Environmental Economics    

"Only after the last tree has been cut down, the last river has been polluted, we will discover you cant eat money”

Paul Hawkens the coauthor of the book ‘Natural Capitalism’ wrote in an article in Mother Jones magazine way back in 1997, “Somewhere along the way to free-market capitalism, the United States became the most wasteful society on the planet.

Most of us know it. There is the waste we can see: traffic jams, irreparable VCRs, Styrofoam coffee cups, landfills; the waste we can't see: Superfund sites, greenhouse gases, radioactive waste, vagrant chemicals; and the social waste we don't want to think about: homelessness, crime, drug addiction, our forgotten infirm and elderly.

Nationally and globally, we perceive social and environmental decay as distinct and unconnected. In fact, a humbling design flaw deeply embedded in industrial logic links the two problems. Toto,
pull back the curtain: The efficient dynamo of industrialism isn't there.

Even by its own standards, industrialism is extraordinarily inefficient.” Good old conventional economists will argue that growth is good. But who pays for polluting and degrading this planets non-renewable ‘natural capital’? Enter the environmental/ecological/green economist.

    What is Environmental economics ?   

It is a distinct branch of economics that acknowledges the value of both the environment and economic activity and makes choices based on those values. It tries to achieve the challenge of the balance in the economic activity and the environmental impacts by taking into account all the costs and benefits.

These green eco theories are designed to take into account pollution and natural resource depletion, which the current model of market systems fails to do. This “failure” needs to be addressed by correcting prices so they take into account “external” costs.

For example, should not motor car manufacturers be made to pay for the pollution they cause and the owners be responsible to compensate for all that parking space they use up!? As countries like India and China industrialise and the already developed ones begin to realize the “limits of growth” this exciting new field of environmental economics (also described by the more radical as green or ecological economics).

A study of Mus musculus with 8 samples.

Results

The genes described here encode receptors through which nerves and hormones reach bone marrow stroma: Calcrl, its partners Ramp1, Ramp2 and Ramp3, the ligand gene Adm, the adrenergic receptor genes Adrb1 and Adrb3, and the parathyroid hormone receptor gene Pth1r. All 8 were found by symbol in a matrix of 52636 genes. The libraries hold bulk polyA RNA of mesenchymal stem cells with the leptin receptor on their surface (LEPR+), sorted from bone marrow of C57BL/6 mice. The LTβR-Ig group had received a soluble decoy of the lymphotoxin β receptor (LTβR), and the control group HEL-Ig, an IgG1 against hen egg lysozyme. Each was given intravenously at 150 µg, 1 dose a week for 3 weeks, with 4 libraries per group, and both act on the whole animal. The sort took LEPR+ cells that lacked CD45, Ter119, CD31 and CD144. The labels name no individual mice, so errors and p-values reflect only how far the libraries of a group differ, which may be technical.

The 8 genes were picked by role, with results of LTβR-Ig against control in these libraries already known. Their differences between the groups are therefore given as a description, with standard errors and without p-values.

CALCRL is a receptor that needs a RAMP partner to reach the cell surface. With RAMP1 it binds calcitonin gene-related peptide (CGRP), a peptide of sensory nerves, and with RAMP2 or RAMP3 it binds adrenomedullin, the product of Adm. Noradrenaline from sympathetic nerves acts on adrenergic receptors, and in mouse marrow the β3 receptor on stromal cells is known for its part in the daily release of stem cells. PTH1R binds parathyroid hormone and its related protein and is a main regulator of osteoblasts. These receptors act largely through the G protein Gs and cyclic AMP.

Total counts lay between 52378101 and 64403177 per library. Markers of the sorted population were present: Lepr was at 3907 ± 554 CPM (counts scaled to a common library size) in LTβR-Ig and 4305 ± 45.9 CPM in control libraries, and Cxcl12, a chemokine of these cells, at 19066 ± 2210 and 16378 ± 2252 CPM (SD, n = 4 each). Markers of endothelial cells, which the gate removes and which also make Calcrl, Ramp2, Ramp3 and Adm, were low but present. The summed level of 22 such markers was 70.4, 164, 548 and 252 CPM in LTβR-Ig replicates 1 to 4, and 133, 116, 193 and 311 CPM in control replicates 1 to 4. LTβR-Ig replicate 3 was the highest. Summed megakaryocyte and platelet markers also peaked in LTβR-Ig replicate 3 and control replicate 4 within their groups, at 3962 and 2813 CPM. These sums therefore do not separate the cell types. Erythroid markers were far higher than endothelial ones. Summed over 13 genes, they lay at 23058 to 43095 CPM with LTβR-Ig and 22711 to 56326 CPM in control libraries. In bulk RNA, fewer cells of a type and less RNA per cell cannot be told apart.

As the title of the another book on the subjects notes “You cant eat GDP - studying economics as if ecology mattered’. Besides new businesses in a world  concerned with sustainable development will need the knowledge and expertise of such green economists to remain competitive and to survive.


Key Concepts

External costs: Uncompensated side effects of human actions. If a stream is polluted by runoff from agricultural land, the people downstream suffer a negative external cost or externality. Market failure: Defined as the inability of markets to reflect the full social costs or benefits of a good, service, or state of the world. The environment provides resources (renewable and nonrenewable), assimilates waste, and provides aesthetic pleasure to humans. However, traditionally, their value was not recognized because there is no market for these services (to establish a price), which is why economists talk about “market failure”.


Historically, goods and services (like clean water and air) provided by the environment were seen to be limitless, having no cost, thus not considered scarce. Scarcity is a misallocation of these services (which are not limitless) due to a pricing problem. If resources
were properly priced to include all costs, then the resource could not be over-exploited because the actual cost would be too high. This is a powerful tool in environmental problems…proper pricing.

Natural Capital:

Everyone is familiar with the traditional definition of capital as accumulated wealth in the form of investments, factories, and equipment. "Natural capital," on the other hand, comprises the resources we use, both nonrenewable (oil, coal, metal ore) and renewable (forests, fisheries, grasslands). Although we usually think of renewable resources in terms of desired materials, such as wood, their most important value lies in the services they provide. These services are related to, but distinct from, the resources themselves. They are not pulpwood but forest cover, not food but topsoil.

Natural Capitalism:

Creating the Next Industrial Revolution, by Paul Hawken, Amory Lovins, and L. Hunter Lovins, is the first book to explore the lucrative opportunities for businesses in an era of approaching environmental limits. In this groundbreaking blueprint for a new economy, three leading business visionaries explain how the world is on the verge of a new industrial revolution—one that
promises to transform our fundamental notions about commerce and its role in shaping our future.

Natural Capitalism describes a future in which business and environmental interests increasingly overlap, and in which businesses can better satisfy their customers' needs, increase profits, and help solve environmental problems—all at the same time.